Good morning, everyone, and apologies for the late start. We were delayed by the news that Martin Shkreli — you know him, he jacked up drug prices astronomically and was proud of it — was arrested for securities fraud. You can read about that here. Meanwhile, here is the usual assortment of tidbits. Hope you have a better day than Shkreli and keep in touch …
The Food and Drug Administration approved what is expected to be a cheaper version of the Lantus, a pen-like insulin injector sold by Sanofi, the Associated Press reports. The new form of the treatment is from Eli Lilly and Boehringer Ingelheim, which already sell the drug in several European countries. They have not yet set a US price, but it likely will be significantly lower than the price for Lantus.
Mylan Laboratories wants compensation from Strides Arcolabs for remediating three Indian manufacturing plants that were part of its $1.75 billion purchase of Agila Specialties two years ago, Pharmaceutical Manufacturing says. The demand comes after the FDA earlier this year issued a warning letter to Mylan concerning quality control problems at the facilities.
The FDA is eliminating a risk mitigation program for the Avandia type 2 diabetes drug, MedPage Today tells us. The agency decided the program is no longer needed to ensure that the benefits of the GlaxoSmithKline drug outweigh the risks. The medication had been under a cloud since 2007, when a controversial meta-analysis found links to heart attacks.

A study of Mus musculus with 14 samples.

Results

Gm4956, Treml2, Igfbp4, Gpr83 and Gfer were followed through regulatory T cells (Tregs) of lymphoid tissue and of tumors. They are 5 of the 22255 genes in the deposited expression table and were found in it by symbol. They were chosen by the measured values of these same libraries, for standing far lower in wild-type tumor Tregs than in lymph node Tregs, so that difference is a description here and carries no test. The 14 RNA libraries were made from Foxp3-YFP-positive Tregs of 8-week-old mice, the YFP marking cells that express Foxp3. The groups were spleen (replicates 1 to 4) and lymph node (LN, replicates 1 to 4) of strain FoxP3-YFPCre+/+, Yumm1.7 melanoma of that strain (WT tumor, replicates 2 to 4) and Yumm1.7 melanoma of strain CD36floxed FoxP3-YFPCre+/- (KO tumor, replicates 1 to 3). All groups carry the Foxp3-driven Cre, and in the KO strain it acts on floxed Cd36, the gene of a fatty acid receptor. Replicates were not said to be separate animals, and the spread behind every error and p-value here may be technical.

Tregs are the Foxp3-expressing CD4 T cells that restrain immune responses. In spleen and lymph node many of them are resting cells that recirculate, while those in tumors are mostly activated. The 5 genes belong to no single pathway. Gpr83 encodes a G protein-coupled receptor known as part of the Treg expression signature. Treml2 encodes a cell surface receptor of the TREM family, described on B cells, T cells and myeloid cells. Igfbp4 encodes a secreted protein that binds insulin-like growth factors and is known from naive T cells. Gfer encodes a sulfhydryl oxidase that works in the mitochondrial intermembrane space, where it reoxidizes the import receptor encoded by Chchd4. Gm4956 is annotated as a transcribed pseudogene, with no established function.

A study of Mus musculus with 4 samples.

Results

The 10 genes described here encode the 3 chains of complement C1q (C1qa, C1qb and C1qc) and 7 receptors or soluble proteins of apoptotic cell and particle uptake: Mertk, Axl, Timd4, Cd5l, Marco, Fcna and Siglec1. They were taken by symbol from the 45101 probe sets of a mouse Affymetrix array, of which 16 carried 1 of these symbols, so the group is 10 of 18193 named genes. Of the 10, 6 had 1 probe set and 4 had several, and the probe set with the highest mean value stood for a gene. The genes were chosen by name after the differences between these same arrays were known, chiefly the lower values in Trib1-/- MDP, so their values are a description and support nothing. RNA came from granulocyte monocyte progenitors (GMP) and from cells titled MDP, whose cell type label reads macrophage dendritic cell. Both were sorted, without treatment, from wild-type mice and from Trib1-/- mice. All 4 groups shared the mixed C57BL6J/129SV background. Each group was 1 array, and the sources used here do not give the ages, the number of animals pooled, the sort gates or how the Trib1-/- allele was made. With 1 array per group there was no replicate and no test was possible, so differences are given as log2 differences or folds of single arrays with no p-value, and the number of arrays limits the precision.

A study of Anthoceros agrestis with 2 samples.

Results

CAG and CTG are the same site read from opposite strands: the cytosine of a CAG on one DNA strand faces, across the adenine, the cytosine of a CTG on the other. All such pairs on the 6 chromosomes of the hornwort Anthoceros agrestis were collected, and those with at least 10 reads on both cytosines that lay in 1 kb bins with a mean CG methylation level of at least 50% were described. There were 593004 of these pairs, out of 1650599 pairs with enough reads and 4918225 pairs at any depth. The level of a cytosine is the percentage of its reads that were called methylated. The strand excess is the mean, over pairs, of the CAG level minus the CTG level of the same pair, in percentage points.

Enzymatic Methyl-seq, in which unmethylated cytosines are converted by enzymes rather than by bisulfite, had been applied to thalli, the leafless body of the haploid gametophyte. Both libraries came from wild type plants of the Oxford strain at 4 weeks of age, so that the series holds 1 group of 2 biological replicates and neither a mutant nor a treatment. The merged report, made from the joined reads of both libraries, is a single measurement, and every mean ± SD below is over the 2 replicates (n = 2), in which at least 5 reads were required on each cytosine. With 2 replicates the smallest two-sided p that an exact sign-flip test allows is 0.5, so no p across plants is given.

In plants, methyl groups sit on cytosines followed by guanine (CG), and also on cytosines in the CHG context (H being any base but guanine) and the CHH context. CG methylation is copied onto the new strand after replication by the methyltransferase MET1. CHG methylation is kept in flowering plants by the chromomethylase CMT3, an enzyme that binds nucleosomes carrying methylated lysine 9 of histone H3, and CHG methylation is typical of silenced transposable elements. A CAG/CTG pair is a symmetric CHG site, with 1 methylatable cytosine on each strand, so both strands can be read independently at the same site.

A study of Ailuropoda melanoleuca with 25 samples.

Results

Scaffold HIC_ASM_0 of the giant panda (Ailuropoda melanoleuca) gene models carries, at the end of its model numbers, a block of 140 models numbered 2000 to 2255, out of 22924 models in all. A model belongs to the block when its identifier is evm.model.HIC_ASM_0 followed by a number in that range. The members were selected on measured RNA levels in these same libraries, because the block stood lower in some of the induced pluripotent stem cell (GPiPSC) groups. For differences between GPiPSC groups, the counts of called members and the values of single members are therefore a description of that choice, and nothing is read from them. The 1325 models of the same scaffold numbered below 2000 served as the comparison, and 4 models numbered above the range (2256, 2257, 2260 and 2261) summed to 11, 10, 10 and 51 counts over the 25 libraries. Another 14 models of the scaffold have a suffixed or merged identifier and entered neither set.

AstraZeneca will pay $4 billion for a 55 percent stake in Acerta Pharma, which has a promising cancer treatment, in hopes of rebuilding its pipeline, the Wall Street Journal tells us.
CVS Health CEO Larry Merlo says a deal in which Valeant Pharmaceuticals will sell to Walgreens certain drugs at discounts could marginalize pharmacy benefits managers, according to Fortune.
Endo International-owned Qualitest Pharmaceuticals reached a $39 million settlement with the federal government and 47 states for unlawfully labeling multivitamins, Reuters reports.
Bionpharma, which was formed by former Ranbaxy Laboratories execs in New Jersey to buy and sell generic drugs, raised another $6.5 million on top of the $31 million raised last year, MedCity News says.